MUSEUM ARCHIVES

In case you haven't noticed by now, I'm a huge museum nerd. I haven't dedicated much of my blog to posts about what I get to see behind the scenes, so I want to start a new series. I can't promise that it'll be a regular thing, but I do believe that these are things that should be shared!

On average, about 1% of any museum's holdings are ever on display to the public. Most museums have archives that are viewable by staff and volunteers, some museums have portions that people aren't allowed to photograph (and some portions that are completely off-limits to anyone but a curator) while other museums offer behind-the-scenes tours. As a museum volunteer as well as a traveling educator, I get to peek at things that a lot of people don't get to see EVER because I work closely with collections managers, education department heads, and curatorial staff.

Unfortunately I wasn't great at keeping track of digital files because I didn't realize how much those photos would eventually mean to me, but here are a few random images before I delve into museum-specific archive posts. A few were taken on old film cameras, but I love them because they're so unique.

Left: human fetus. Right: chimpanzee fetus. Taken at the Field Museum, October 2013. Canon Demi (half-frame) camera with expired film - excuse the dark exposure.

Left: human fetus. Right: chimpanzee fetus. Taken at the Field Museum, October 2013. Canon Demi (half-frame) camera with expired film - excuse the dark exposure.

Left: cyclops deer fetus. Right: six-legged kitten. Taken at the Field Museum, October 2013. Canon Demi (half-frame) camera with expired film - excuse the dark exposure.

Left: cyclops deer fetus. Right: six-legged kitten. Taken at the Field Museum, October 2013. Canon Demi (half-frame) camera with expired film - excuse the dark exposure.

Left: two-toed sloth study skins. Right: platypus study skins. Taken at the Field Museum, October 2013. Canon Demi (half-frame) camera with expired film - excuse the dark exposure.

Left: two-toed sloth study skins. Right: platypus study skins. Taken at the Field Museum, October 2013. Canon Demi (half-frame) camera with expired film - excuse the dark exposure.

Left and right: pangolin study skins. Taken at the Field Museum, October 2013. Canon Demi (half-frame) camera with expired film - excuse the dark exposure.

Left and right: pangolin study skins. Taken at the Field Museum, October 2013. Canon Demi (half-frame) camera with expired film - excuse the dark exposure.

Sambar selfie at the Houston Museum of Natural History - December 2013

Sambar selfie at the Houston Museum of Natural History - December 2013

Posing with an elephant tusk in the educational archives of the Audubon Zoo - April 2014.

Posing with an elephant tusk in the educational archives of the Audubon Zoo - April 2014.

Skulls and skull replicas - Audubon Zoo, April 2014

Skulls and skull replicas - Audubon Zoo, April 2014

Archival study skins from birds via the Burke Museum at University of Washington, on loan to the Henry Art Gallery as part of artist Ann Hamilton's The Common S E N S E - a large-scale installation for which I was a guest speaker on sourcing and taxidermy in education.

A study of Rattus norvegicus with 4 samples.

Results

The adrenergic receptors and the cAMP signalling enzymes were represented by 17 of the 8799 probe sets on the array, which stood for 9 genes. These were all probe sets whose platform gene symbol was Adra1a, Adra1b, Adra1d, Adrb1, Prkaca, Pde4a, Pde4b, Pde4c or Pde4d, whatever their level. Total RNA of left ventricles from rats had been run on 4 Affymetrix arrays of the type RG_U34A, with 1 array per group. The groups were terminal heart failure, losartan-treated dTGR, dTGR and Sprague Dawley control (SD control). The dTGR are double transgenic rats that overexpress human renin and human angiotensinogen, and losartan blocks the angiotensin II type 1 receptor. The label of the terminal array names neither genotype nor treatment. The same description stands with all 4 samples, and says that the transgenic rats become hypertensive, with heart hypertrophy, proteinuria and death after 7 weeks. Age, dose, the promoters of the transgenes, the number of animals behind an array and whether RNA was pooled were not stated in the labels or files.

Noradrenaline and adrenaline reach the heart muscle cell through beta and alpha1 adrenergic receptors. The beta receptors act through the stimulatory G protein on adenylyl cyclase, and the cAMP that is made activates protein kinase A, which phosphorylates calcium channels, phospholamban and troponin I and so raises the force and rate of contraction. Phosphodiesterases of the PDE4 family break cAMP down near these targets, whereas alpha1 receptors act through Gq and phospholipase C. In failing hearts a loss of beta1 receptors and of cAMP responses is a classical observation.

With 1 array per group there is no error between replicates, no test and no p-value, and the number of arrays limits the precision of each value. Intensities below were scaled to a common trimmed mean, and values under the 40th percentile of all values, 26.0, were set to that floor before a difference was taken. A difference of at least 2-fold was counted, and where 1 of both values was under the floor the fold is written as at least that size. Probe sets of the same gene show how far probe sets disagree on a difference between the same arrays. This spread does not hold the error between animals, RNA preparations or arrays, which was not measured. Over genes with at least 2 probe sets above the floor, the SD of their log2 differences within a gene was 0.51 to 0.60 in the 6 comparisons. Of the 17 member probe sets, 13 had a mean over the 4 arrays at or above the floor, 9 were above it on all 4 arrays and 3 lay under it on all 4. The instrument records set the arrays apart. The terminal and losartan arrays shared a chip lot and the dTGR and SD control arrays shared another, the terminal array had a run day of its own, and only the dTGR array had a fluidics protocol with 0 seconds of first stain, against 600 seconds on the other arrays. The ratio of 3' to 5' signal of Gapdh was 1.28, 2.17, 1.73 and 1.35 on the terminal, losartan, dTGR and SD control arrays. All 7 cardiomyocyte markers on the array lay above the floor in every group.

Archival study skins from birds via the Burke Museum at University of Washington, on loan to the Henry Art Gallery as part of artist Ann Hamilton's The Common S E N S E - a large-scale installation for which I was a guest speaker on sourcing and taxidermy in education.

I'm sure I'll share more as time goes on. I've been hoarding my large collections of archival photos but I didn't know where to put these one-offs, so I hope you've enjoyed them!


Well, we're a month into 2016 and it's definitely off to a much different start than I expected. I don't share a ton about my personal life but I am absolutely #blessed (as much as I love sarcasm, I really do feel so lucky) to have so many wonderful people who are my perpetual cheerleaders.

My broken rib is finally starting to heal, or maybe I'm just getting used to the pain, but I'm finally able to pick things up and dance again which is a plus. However, I suffer the perils of being a person who is constantly injuring herself and now I'm missing half a fingernail from a leg-shaving incident. With the amount of times per day that I run into things or draw blood, you'd think my life was an audition for a one-woman version of The Three Stooges.

Riff Ratt has been having seizures and now has a permanent head tilt. He's now over a year old and since feeder rats typically only live between twelve and twenty-four months, I'm trying to mentally prepare myself for that.

I taught myself how to (badly) make mochi ice cream and didn't take photos but imagine some magenta goo-covered ice cream that tastes like roses and that's all you need to know.

Finally, I spent the last week of this month preparing for and filming a really cool project - I can't wait to share the end result, but for now here are some photos I took at the Nature Museum during location scouting with the producers.

I hope everyone else has had a great start to this year, and that February has just as much in store for us! ALSO this is a reminder to make sure you are registered AND that you take the time to vote in your state's primary elections. If you don't know how, Google your state + your political affiliation + primary election registration. Even if I don't agree with your opinion, I will still encourage you to fight for your right to vote!